Why do some mammals have an excellent sense of smell, others hibernate, and others, including humans, are predisposed to disease?

An international research project analyzed the genomes of 240 different mammals in order to provide answers to the above and other questions.

The results of the Zoonomia program are published in eleven articles in the journal Science.

The research, which involves more than 50 different institutions and 150 scientists worldwide, provides a large amount of information about the function and development of the genomes of mammals, including endangered species, over an evolutionary period of 100 million years.

This analysis shows, among other things, which genetic changes have led to specific traits in different species and which mutations can cause diseases. Understanding the genetic diversity of species can provide insights not only into human evolutionary history, but also into human health.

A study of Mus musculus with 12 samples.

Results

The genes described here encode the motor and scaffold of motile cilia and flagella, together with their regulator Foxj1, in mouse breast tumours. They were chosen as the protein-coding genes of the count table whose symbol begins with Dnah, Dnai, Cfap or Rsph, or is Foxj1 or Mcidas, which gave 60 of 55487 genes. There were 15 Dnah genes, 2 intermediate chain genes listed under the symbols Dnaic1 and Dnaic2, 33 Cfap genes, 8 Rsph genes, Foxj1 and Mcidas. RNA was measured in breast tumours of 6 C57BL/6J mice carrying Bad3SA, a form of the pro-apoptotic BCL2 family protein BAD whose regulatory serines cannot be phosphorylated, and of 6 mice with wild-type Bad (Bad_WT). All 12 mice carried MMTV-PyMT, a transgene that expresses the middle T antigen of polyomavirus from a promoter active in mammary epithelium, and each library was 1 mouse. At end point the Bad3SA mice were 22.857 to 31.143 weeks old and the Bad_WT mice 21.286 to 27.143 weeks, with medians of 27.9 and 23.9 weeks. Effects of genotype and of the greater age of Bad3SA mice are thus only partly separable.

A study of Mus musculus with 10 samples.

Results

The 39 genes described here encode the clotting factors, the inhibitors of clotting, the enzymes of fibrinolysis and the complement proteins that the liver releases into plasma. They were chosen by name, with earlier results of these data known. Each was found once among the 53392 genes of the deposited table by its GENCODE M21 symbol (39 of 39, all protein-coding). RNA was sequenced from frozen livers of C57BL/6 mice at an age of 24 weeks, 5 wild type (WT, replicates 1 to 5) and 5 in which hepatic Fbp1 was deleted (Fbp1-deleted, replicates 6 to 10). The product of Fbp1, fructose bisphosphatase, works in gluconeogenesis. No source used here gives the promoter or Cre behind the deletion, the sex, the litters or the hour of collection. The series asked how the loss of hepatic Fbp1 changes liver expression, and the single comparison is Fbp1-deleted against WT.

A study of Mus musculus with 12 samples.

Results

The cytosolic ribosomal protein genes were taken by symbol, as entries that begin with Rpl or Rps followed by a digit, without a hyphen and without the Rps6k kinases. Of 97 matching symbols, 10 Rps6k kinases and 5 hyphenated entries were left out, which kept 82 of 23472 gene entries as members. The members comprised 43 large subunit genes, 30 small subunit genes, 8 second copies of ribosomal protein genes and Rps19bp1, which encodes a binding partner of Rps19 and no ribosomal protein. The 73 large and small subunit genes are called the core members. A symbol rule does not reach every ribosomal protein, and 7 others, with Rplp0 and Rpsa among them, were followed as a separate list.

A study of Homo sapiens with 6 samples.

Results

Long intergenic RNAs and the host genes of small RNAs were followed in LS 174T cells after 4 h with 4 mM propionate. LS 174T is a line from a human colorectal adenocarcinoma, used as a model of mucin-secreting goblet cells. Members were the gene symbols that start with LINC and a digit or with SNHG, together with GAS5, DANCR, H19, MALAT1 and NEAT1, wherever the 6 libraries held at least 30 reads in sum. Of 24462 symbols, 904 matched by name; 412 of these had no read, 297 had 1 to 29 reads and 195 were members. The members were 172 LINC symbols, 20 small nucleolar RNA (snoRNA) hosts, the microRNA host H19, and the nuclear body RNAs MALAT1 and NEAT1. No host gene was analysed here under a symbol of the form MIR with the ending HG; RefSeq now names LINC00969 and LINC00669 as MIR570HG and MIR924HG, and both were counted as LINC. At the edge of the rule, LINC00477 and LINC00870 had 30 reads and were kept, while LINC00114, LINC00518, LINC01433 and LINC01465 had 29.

Genes that are conserved across many species may indicate those that are essential for normal function and therefore may lead to disease when mutated.

By conducting a detailed survey and systematic comparison of the genomes, the researchers identified regions of the human genome with functions that had not been previously determined.

Mutations in them may play an important role in the origin of diseases or in the particular characteristics of mammalian species. The findings further revealed genetic variants that likely play a role in rare and common diseases, including cancer.

They also identified parts of the human genome that have remained unchanged after millions of years of evolution, providing information that can shed light on human health and disease, but also genetic sequences that, while found in the genomes of most other mammalian species, have disappeared in humans .

Some of these deleted pieces of genetic information are closely related to genes involved in cognitive and neuronal functions. But as the researchers explain, rather than disrupting human biology, some of these deletions created new genetic coding, which eliminated elements that would normally turn genes off.